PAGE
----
The Media Academy for Journalism and Communication Monday launched a mini-grant for a three-month fact-finding project on push factors that seeks to curb irregular migration in the country.

The project, which aims to address the root causes of irregular migration, will run from July to September, during which a series of meetings and consultations with civil society organisations, youth groups, the media, communities, national and international organisations involved in the fight to end irregular migration will take place.


“As a journalism training institute, we believe we have a greater role to play in combating migration, he said. Mendy said migration is a development issue that both departing and receiving countries are fighting hard to tackle. “The 2030 Agenda for Sustainable Development recognises that migration is a powerful driver for sustainable development,” he said.

He stated that the relationship between migration and development is much more complex now than ever.


Mr Mendy said migration, if poorly managed, can also negatively impact development.

Modou S Joof, secretary general of the Gambia Press Union, said the union is happy to be associated with the coalition building process and pilot project with Majac intended to combat irregular migration.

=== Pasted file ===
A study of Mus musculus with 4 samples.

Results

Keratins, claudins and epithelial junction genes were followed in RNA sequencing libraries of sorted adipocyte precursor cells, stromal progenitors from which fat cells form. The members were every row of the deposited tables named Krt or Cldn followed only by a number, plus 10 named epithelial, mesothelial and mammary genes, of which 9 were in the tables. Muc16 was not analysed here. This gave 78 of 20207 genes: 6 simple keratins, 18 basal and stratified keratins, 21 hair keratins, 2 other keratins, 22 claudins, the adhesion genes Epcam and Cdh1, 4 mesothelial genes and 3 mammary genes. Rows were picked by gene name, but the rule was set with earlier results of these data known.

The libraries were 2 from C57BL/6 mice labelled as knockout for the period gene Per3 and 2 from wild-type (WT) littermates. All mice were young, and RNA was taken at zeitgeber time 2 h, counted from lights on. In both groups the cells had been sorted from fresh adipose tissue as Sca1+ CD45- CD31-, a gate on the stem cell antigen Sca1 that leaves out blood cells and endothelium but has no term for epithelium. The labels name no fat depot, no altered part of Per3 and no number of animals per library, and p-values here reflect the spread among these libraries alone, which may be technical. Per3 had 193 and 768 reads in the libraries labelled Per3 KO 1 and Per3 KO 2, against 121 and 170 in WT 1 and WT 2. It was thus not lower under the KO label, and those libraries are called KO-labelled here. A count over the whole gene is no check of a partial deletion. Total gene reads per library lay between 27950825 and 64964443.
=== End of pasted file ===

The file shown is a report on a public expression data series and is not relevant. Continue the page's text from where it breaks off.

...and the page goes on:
“In 2021/2022, the GPU, with the help of IOM, trained journalists to enable them to understand the dynamics and context of migration reporting within the country and the West African subregion. Also, in 2022, we worked with IOM to train journalists on international migration laws because we believe that while journalists understand how to report on migration, it is also important that they understand the laws governing migration,” Joof said.

He added that, in as much as migration is a human right, irregular migration becomes a problem when “our brothers and sisters perish along the way.”

He urged Gambians to form coalitions to bring together CSOs to brainstorm ideas on how to combat the menace.

Alhagie Cham, a representative from Tango, said countries should promote stability, education, and employment opportunities to reduce the driving forces of migration.

“This will enhance resilience and enable individuals to make the choice between staying and migrating,” he said.